The report found a “revolution” in reading habits in developing countries, where books can be scarce but cellphones are not. The UN estimates that some six billion people have cell phones — more than the number of people with access to toilets — and technology that compresses data can help mobile phone users with even basic phones cheaply access books and stories.

This event is the third in a series of bilingual institutes to explore the meaning and uses of international adult literacy and skills surveys, from IALS to PIAAC. In June 2014, participants turn their attention to broadening and defining a research agenda using data from PIAAC and related surveys.

Most of Kemptville College’s programs are staying open for another year with the help of a $2-million grant from the provincial government, meant to buy time for those programs to be taken over by other colleges. The money will not support Kemptville’s agriculture, equine care or food-science programs; current students will stay till graduation in 2015 but new ones won’t be admitted in the fall.

Getting up and going to work every day is harder when you don't see your occupation as a career. Nearly three-in-five (58 per cent) of Canadian workers feel that they have "just a job" as opposed to a career (42 per cent).

"Our colleges are training the workers who drive the economy," says OPSEU President Warren (Smokey) Thomas. "Ontario students deserve to receive quality education and be treated with respect. That includes proper funding of public post-secondary education, small class sizes and reasonable tuition levels. It's time to make post-secondary education a priority."

Employment Minister Jason Kenney visited the Bruce Power nuclear facility recently and applauded the company’s investments in employee training and apprenticeship to address the skills pressures in the nuclear industry. He also praised Bruce Power’s training centre and student internship programs.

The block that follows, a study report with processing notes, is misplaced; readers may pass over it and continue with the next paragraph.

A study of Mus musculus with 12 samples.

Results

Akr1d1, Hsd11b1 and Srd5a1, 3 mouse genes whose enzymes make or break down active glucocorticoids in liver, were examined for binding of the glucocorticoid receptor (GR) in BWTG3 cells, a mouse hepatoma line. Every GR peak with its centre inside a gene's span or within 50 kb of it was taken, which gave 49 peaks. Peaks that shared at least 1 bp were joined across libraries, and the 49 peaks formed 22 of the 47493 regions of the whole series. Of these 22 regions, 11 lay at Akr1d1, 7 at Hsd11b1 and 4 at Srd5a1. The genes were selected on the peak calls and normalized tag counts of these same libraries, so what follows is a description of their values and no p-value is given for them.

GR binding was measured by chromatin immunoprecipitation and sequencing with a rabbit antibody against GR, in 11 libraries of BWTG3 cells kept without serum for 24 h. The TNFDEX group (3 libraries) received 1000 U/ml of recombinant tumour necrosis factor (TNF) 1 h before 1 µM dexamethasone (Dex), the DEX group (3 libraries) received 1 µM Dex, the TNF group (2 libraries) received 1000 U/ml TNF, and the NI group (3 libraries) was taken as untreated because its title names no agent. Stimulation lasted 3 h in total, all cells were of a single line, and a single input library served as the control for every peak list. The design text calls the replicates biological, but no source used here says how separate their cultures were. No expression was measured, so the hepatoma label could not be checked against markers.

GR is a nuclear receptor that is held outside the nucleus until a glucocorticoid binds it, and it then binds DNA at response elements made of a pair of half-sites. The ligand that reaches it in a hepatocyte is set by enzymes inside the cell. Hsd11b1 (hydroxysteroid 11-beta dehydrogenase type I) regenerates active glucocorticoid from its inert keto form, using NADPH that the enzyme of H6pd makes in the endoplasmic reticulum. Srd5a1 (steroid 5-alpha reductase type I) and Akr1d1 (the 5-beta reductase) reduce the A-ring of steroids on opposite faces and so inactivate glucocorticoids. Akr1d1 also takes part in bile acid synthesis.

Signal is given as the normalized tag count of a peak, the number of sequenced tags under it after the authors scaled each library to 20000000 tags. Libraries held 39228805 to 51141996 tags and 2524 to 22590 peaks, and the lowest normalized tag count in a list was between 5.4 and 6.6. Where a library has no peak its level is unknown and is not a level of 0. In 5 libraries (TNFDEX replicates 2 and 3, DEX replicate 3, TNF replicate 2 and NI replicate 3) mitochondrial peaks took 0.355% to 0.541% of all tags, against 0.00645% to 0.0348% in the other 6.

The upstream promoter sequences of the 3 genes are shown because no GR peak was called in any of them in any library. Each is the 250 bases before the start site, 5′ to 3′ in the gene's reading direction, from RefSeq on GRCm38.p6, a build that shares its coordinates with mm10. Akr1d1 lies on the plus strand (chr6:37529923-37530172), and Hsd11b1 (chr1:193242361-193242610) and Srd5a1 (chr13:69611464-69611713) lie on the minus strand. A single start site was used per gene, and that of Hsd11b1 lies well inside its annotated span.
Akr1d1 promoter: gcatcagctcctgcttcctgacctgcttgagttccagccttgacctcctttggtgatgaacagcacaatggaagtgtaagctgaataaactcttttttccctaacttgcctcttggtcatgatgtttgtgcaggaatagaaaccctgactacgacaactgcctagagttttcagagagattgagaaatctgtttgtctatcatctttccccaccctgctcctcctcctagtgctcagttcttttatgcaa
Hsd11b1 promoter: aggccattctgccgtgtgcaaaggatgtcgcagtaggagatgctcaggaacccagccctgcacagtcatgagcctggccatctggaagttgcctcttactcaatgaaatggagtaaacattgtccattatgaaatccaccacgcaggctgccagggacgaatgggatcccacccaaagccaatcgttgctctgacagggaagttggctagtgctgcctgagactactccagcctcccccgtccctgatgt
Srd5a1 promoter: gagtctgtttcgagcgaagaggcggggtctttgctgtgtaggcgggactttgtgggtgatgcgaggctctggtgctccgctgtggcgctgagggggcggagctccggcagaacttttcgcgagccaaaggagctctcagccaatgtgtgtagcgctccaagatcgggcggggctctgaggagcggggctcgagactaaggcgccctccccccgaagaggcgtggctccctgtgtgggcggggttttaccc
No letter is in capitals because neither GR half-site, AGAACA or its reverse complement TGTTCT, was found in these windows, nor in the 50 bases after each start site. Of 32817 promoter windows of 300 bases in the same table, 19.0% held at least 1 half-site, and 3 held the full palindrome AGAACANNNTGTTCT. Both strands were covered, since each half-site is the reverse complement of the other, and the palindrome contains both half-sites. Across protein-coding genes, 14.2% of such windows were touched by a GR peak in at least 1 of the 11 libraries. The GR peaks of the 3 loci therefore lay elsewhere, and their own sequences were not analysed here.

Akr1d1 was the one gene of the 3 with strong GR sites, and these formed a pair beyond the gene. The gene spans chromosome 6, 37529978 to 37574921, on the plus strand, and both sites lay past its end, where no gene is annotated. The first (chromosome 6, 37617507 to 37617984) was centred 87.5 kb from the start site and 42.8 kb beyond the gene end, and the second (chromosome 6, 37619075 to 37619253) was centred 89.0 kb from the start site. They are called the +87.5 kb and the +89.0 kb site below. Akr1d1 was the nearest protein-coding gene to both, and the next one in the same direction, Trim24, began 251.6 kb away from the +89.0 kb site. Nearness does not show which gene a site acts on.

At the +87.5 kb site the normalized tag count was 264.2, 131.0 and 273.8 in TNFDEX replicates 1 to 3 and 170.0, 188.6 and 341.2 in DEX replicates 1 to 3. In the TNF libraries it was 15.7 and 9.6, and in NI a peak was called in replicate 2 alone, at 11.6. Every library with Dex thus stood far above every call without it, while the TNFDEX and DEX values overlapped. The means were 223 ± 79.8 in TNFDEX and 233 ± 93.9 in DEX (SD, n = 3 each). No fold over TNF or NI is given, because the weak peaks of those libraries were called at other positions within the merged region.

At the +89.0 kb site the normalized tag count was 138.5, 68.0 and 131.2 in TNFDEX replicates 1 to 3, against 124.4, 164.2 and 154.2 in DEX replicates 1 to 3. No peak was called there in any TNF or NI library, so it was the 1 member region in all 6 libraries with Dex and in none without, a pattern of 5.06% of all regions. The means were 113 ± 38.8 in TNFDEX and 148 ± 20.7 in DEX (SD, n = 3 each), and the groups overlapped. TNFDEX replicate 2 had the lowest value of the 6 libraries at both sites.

Minister of Canadian Heritage and Official Languages Shelly Glover has announced the appointment of Guy Berthiaume as Librarian and Archivist of Canada for a term of five years, effective June 23, 2014. Dr. Berthiaume has been President and Chief Executive Officer of the Bibliothèque et Archives nationales du Québec since 2009. Before this, he spent 30 years as a senior university administrator.

Many university students have to work double, triple and in some cases six times the number of hours in minimum-wage jobs to afford tuition costs compared to 40 years ago, according to Statistics Canada data analyzed by the Canadian Centre for Policy Alternatives.

Research released by Sobeys Inc. has revealed a generation gap when it comes to food knowledge and confidence in cooking skills. Only 31 per cent of 18 to 29-year-olds feel confident in the kitchen versus 48 per cent of those 50 and older.

Ontario is continuing to invest in public services to help people in their everyday lives, to build a strong workforce and to ensure families have the high-quality health care they need. The province has released its Health Care and Education Progress Reports, which outline the government's accomplishments since 2003 to drive change and improve the lives of people across the province.